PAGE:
The Scottish Football Association have revealed ground-breaking plans to clamp down on cheats by handing out retrospective bookings for diving.
Referees will watch recordings of the games they officiate and award yellow cards for incidents of 'simulation' they may have missed.
The initiative will run on an internal trial basis at first before being rolled out on January 1.
From next year, players deemed to have cheated to win a free-kick or get an opponent into trouble will be named and shamed by SFA and be given disciplinary points.
The scheme is the brainchild of SFA chief executive Gordon Smith, who made clear his intentions to stamp out cheating even before he took over from David Taylor this summer.
Smith said on Wednesday: 'I think we all get annoyed when we see it and we see it quite a lot in televised matches.
'So I felt it was time for us to deal with it and the only way possible is to look again retrospectively at the games, because a lot of players are very good at it nowadays and they are not getting caught at the time.
'When you see the game later on or you see it on the replay, that's when you spot it.'
The former Rangers striker is determined to change attitudes towards diving after seeing it become more acceptable among the younger generation.
'I want people to feel this is not a nice way to act on the football field, to be disgusted by it,' Smith said.
'Most people are pretty disgusted by it but there seems to be a culture in our country that has come in now where we think it's okay to do it or people accept it.
'So I think we want to change the behaviour of players first and then after that comes the change of attitude.'
The scheme could also see players having yellow or red cards rescinded if they are found to have been the victim of simulation.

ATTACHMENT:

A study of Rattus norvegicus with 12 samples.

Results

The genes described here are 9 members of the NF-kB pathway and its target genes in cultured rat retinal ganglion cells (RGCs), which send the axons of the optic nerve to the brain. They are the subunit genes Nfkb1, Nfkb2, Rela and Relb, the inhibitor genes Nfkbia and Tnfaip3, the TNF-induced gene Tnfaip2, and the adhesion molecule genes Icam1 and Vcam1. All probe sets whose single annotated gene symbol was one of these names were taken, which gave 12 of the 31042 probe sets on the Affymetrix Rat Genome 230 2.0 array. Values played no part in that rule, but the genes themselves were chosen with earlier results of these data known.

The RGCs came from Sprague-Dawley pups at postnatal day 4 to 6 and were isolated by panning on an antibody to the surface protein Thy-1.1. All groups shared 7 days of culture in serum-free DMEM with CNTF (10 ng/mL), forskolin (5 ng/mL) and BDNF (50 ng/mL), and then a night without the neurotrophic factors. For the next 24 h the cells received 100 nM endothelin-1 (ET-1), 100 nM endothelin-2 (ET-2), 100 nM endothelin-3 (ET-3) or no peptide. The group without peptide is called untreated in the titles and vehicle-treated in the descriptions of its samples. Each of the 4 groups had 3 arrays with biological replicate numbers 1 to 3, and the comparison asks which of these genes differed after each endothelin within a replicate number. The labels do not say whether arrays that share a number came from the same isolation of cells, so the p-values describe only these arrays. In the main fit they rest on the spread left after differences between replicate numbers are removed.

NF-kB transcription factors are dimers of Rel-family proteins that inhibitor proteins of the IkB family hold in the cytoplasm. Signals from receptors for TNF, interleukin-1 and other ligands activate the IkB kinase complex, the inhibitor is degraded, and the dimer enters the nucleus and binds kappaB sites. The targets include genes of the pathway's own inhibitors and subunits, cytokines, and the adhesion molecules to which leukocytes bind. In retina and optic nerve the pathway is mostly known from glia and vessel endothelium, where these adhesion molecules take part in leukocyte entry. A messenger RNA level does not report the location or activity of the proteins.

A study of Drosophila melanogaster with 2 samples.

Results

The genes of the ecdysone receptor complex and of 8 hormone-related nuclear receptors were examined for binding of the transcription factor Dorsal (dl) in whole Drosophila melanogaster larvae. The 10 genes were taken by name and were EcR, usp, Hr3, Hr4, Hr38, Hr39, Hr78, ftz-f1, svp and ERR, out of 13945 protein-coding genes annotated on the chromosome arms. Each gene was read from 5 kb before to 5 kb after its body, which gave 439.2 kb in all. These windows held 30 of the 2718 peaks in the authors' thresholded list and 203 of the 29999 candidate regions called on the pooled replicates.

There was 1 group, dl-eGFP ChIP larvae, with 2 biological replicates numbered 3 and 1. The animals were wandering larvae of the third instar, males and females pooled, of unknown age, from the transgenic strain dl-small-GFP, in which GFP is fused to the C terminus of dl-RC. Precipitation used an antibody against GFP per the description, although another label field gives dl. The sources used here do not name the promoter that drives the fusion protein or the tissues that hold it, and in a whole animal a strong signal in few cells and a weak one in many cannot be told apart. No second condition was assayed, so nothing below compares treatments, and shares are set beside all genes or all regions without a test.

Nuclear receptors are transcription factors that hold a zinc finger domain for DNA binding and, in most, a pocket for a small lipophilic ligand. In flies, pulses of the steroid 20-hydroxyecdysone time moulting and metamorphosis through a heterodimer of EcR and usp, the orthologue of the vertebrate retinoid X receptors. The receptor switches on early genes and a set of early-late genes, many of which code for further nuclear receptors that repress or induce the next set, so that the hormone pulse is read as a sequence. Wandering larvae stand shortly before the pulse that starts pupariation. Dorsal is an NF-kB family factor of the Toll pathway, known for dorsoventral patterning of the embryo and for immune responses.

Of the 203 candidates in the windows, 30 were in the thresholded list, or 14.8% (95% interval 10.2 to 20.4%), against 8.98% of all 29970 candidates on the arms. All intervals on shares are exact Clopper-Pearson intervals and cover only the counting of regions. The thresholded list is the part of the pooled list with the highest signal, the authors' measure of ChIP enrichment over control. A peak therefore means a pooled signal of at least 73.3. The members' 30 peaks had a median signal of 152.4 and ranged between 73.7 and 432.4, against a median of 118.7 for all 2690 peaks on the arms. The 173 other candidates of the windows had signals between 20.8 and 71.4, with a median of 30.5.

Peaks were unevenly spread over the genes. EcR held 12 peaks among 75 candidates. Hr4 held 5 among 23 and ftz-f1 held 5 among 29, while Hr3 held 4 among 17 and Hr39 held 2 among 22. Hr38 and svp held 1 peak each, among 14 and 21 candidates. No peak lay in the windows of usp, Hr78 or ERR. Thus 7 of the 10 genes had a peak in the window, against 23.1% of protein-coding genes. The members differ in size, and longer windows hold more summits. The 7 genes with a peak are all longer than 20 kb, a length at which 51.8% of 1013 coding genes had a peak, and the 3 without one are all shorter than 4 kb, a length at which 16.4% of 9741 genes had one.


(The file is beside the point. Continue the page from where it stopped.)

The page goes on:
Previously, clubs could only appeal against yellow cards on the grounds of mistaken identity.
'We are going to rescind cards if we find as a result of a simulation case a player is proved to be innocent,' Smith said.
'We are hoping to clear that up before clubs have to appeal.
'There will still be appeals coming in because not all the appeals will be to do with simulation, some of them will just be unfair yellow cards.
'The only aspect of the games the referee will look at again is simulation.'
The SFA will not reveal the results of their pilot scheme, which they are introducing to iron out any potential problems, but Smith may consider making repeat offenders aware of their guilt.
The initiative - unique in the world game according to Smith - was announced in conjunction with UEFA-led guidelines to clean up the game, most notably on jostling at set-pieces.
Referees will be instructed to clamp down on players blocking opponents or pulling shirts in the box by giving more penalties and free-kicks. They will also be told to stamp down on the instigators of mass confrontations, violent conduct - where players use their elbows as 'weapons' - or serious foul play, where players launch reckless challenges which endanger the safety of opponents.
SFA head of referees Don McVicar also asked for understanding over the need for officials to clamp down on goal celebrations where players leave the field to celebrate with fans.
Police have told the SFA and individual referees that they will issue charges unless players are dealt with over the safety issue.
The SFA will meet coaches and managers tomorrow night to brief them on the guidelines before meeting referees.